Today I was reading about the “trade off between reliability and efficiency” in the data center. I think it’s far from the truth that you have to give up one for the other.
Part of the problem that causes this kind of misconception are obsolete classification systems, such as the Uptime Institute’s tiers (I’ve written before about my problems with that particular classification system). In the example given in the article, the data center operator in question had to maintain 1 to 1 hot standby servers for every operating server to achieve that particular tier rating, as if reliability couldn’t be achieved by anything less than exact duplicates of every piece of gear in the data center. Of course, the 2N approach ignores the possibility, what if you waste all that money and energy running 1 to 1 hot standbys, the primary fails, and then the secondary immediately fails?
Of course, the Uptime Institute’s response to this is to announce yet ANOTHER data center efficiency metric.
This also spotlights the weakness of using PUE as anything but an internal engineering aid. It sounds great that you have a 1.8 PUE but, since PUE doesn’t have any reference to the amount of work being accomplished, you’ll be wasting half the energy consumed on equipment producing no useful work. The cost of operating this way plus the likely upcoming carbon penalties will melt your credit card.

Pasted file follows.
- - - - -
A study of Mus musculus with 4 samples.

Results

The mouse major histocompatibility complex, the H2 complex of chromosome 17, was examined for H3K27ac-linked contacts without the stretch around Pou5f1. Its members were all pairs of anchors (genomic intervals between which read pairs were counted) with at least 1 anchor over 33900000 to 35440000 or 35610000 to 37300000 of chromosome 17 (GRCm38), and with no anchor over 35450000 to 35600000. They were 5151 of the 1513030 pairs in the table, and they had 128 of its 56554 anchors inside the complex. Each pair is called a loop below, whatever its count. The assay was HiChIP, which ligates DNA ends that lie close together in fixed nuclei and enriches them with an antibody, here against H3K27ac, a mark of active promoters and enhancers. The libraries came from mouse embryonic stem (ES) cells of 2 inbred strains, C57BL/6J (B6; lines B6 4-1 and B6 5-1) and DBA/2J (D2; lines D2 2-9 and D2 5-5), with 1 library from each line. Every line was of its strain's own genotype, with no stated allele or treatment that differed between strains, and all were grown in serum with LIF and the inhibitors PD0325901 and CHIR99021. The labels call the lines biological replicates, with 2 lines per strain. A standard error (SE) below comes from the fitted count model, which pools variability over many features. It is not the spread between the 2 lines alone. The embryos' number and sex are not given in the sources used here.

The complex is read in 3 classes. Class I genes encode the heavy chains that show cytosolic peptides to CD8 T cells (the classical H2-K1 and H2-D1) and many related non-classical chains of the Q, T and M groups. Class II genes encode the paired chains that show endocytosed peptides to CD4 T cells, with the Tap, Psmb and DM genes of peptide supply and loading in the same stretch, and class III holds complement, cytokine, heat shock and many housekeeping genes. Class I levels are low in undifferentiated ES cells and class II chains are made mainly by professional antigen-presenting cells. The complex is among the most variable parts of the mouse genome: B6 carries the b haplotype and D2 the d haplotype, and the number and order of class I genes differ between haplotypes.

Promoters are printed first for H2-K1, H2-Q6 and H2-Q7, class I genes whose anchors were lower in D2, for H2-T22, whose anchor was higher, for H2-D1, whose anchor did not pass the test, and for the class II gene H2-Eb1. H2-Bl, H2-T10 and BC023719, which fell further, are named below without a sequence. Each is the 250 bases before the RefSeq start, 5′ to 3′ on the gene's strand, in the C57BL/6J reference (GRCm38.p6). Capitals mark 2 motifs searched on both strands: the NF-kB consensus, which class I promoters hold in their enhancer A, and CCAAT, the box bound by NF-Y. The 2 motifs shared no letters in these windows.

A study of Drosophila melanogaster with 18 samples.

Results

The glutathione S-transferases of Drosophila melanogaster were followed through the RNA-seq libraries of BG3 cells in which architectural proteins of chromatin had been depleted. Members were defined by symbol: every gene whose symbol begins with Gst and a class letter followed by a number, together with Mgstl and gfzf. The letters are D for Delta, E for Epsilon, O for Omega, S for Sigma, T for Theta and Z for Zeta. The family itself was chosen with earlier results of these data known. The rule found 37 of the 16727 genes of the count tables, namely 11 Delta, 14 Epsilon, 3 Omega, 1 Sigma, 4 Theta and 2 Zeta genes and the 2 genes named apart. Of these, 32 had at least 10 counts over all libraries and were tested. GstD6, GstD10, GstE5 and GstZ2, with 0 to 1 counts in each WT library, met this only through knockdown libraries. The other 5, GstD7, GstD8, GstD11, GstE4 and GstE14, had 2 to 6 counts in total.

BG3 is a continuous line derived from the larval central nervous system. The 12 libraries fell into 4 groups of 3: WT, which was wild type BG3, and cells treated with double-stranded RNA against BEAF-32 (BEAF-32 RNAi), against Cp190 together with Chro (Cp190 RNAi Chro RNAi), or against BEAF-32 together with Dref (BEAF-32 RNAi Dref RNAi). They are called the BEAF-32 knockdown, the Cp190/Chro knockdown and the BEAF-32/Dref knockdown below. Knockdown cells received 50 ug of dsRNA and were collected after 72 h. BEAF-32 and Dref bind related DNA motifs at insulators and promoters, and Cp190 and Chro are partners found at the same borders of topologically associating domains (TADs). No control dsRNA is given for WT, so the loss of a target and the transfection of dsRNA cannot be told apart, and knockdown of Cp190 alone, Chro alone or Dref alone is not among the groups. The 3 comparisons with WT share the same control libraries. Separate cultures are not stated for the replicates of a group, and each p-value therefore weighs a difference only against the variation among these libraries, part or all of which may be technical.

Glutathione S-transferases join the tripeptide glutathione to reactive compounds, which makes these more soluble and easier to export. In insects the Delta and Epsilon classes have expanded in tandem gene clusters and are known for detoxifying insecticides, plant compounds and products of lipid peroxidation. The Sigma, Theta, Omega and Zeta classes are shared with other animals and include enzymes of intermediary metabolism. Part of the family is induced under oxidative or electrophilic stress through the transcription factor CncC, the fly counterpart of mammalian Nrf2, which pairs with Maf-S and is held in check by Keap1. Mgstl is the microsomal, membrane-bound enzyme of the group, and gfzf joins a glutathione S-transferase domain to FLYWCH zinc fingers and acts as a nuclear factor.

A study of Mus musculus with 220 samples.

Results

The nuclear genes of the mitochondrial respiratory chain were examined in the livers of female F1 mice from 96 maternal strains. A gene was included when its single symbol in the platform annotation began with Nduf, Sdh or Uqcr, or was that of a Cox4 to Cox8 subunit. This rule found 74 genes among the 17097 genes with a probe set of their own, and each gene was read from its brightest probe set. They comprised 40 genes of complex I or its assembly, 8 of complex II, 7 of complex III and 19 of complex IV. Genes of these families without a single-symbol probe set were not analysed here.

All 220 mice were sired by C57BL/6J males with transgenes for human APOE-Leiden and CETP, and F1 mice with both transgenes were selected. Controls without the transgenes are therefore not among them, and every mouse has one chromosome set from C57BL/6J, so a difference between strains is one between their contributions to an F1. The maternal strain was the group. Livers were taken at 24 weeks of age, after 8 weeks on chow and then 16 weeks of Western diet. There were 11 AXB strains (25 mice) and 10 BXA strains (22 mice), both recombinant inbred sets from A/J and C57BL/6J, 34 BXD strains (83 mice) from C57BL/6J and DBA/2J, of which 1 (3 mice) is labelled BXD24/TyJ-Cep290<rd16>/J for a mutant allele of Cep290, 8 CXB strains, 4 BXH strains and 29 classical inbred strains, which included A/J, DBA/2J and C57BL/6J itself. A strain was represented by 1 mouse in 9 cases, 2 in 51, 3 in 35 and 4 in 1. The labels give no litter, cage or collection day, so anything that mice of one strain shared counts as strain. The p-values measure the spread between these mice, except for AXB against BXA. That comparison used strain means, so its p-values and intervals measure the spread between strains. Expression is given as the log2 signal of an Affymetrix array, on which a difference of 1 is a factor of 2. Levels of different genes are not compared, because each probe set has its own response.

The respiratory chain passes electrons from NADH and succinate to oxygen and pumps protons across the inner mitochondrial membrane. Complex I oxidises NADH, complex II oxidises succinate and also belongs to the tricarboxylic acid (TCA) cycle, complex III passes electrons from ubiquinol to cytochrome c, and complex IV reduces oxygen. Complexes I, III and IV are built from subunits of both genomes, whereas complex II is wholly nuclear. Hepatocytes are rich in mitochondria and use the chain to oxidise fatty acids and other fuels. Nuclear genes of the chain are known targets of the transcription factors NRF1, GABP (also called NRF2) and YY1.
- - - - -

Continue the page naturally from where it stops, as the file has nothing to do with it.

So, how you combine green data center techniques with high reliability? Here’s my recipe for it:
Add a green modular DC power plant with enough modules to provide n+1 (or 2 or 3) capacity. Split AC power feeds for the modules between 2 or more AC sources.
Add 2 parallel battery strings.
Add in 1 cloud computing cluster, such as the excellent Xen Cloud Platform we use. Provision enough cloud hosts for n+1.
Split cloud hosts with multiple DC power feeds.
Add in redundant storage servers.
Add in a load balancing system capable of automatically restarting virtual machines if a cloud host fails.
Add in good site design practices.
(note, this is exactly the way we run)
The fact is that nothing short of a smoking hole disaster is likely to interrupt the service provided by this configuration for longer than the time required to automatically restart a virtual machine. If the time to restart is an issue, specify a backup virtual machine on a different host in the cloud. Protect against the possible data center wide disaster with a duplicate configuration on a cloud in a second data center.
It’s really not that hard to achieve high reliability with green data center techniques (even if Microsoft, Amazon, Google, and Rackspace make it look like it is). Deep six the antiquated thinking and your wallet and the planet will thank you for it.